Waze is a navigation app that you can install on your phone. It shares out your phone’s location and speed in order to create a real time speed map based on data from all the users around you. For that purpose Waze works really well. It was able, for example to route me around a traffic snarl in my local neighborhood in a really creative way. It’s really an awesome app for doing things like daily commutes if there are issues with variable traffic patterns. Given how well it works it was with regret that I uninstalled it.
The reason that I uninstalled it is that I felt that by using it I was condoning dangerous behavior. Behavior that could literally get people killed. The issue I saw with Waze is that I believe its UX encourages people to interact with the app while driving. Waze doesn’t just want to collect speed data. It wants more specific information such as the presence of speed traps, accidents, etc. Entering this information requires touching the phone while driving. I believe that is encouraging incredibly dangerous behavior that puts both the driver and everyone around them in danger. To the extent that I use Waze I am benefiting from the peril that I believe the app puts its users and those around them in. That would be, I think, unethical so I had to uninstall what is an otherwise very useful app.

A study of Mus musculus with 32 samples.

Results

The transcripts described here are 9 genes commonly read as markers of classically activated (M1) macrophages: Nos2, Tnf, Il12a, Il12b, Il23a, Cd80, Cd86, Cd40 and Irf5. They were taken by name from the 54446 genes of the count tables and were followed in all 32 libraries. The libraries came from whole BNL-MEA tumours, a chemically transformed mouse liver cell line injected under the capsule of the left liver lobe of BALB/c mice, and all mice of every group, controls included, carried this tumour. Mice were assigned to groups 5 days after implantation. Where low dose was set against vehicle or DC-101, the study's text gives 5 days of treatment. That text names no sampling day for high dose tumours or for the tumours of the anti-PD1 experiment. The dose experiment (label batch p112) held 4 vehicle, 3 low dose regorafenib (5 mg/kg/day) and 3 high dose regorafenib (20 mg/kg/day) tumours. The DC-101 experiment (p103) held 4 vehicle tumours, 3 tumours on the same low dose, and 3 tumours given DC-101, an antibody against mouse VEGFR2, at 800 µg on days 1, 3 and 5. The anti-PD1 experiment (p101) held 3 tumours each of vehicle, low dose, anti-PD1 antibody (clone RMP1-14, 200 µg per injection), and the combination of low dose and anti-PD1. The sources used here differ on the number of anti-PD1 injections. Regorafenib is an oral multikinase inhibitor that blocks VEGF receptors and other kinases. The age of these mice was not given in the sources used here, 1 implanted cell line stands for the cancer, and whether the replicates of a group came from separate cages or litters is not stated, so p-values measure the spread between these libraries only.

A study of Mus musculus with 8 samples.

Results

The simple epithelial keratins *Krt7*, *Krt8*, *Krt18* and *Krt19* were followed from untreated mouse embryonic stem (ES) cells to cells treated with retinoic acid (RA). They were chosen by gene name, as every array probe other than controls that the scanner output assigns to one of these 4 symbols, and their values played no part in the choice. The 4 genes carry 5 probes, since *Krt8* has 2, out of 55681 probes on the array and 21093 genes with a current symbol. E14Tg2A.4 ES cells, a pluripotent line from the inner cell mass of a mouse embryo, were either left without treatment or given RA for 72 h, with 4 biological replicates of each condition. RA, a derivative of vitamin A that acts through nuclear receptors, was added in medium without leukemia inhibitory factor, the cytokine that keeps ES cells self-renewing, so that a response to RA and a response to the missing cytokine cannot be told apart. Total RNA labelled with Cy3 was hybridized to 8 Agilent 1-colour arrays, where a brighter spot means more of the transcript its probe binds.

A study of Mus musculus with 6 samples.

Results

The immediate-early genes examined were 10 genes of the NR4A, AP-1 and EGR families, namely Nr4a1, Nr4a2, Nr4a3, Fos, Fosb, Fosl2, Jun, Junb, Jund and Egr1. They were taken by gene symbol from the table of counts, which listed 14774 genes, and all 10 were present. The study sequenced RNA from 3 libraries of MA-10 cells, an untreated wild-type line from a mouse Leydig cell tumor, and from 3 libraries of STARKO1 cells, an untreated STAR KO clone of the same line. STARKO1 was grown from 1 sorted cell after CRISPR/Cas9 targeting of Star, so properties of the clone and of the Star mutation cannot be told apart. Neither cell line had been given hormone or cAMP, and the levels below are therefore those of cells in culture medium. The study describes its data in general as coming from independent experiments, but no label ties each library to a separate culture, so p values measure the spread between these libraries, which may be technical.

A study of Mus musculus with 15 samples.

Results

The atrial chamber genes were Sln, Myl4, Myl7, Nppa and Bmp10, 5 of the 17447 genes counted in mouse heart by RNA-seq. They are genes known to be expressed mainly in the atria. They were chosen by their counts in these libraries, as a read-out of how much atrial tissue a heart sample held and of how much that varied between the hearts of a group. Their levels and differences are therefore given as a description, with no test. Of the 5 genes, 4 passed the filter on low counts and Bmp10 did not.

2 Responses to Why I ran a-waze

  1. savagestranger says:

    This is an old post, in internet time, but for posterity sake, I’d like to comment. I agree that it’s dangerous to input data while driving, but it is very useful if you have a copilot. Also, I believe that there is a plugin app that allows voice commands. So to summarize, there is no reason to “throw the baby out with that bathwater”, as they say. If we had to forsake all things that have potential for unethical use, where would we be?

  2. Administrator says:

    The problem is that I had what I believed to be a reasonable suspicion that the majority of people inputing data into the app were not using a co-pilot (most Americans drive alone) and weren’t using the voice commands. Fiddling around with your phone while driving is exactly as dangerous as driving while drunk. Therefore the data collected by the app was created by directly endangering other drivers. As such if I benefited from that information than I was supporting putting those other driver’s lives in danger. That’s why I abandoned the app.

    BTW, there is good reason to believe that voice commands aren’t safe either. For example, see http://www.nj.com/news/index.ssf/2013/06/using_voice_commands_to_send_texts_while_driving_more_dangerous_then_talking_on_phone_study_says.html.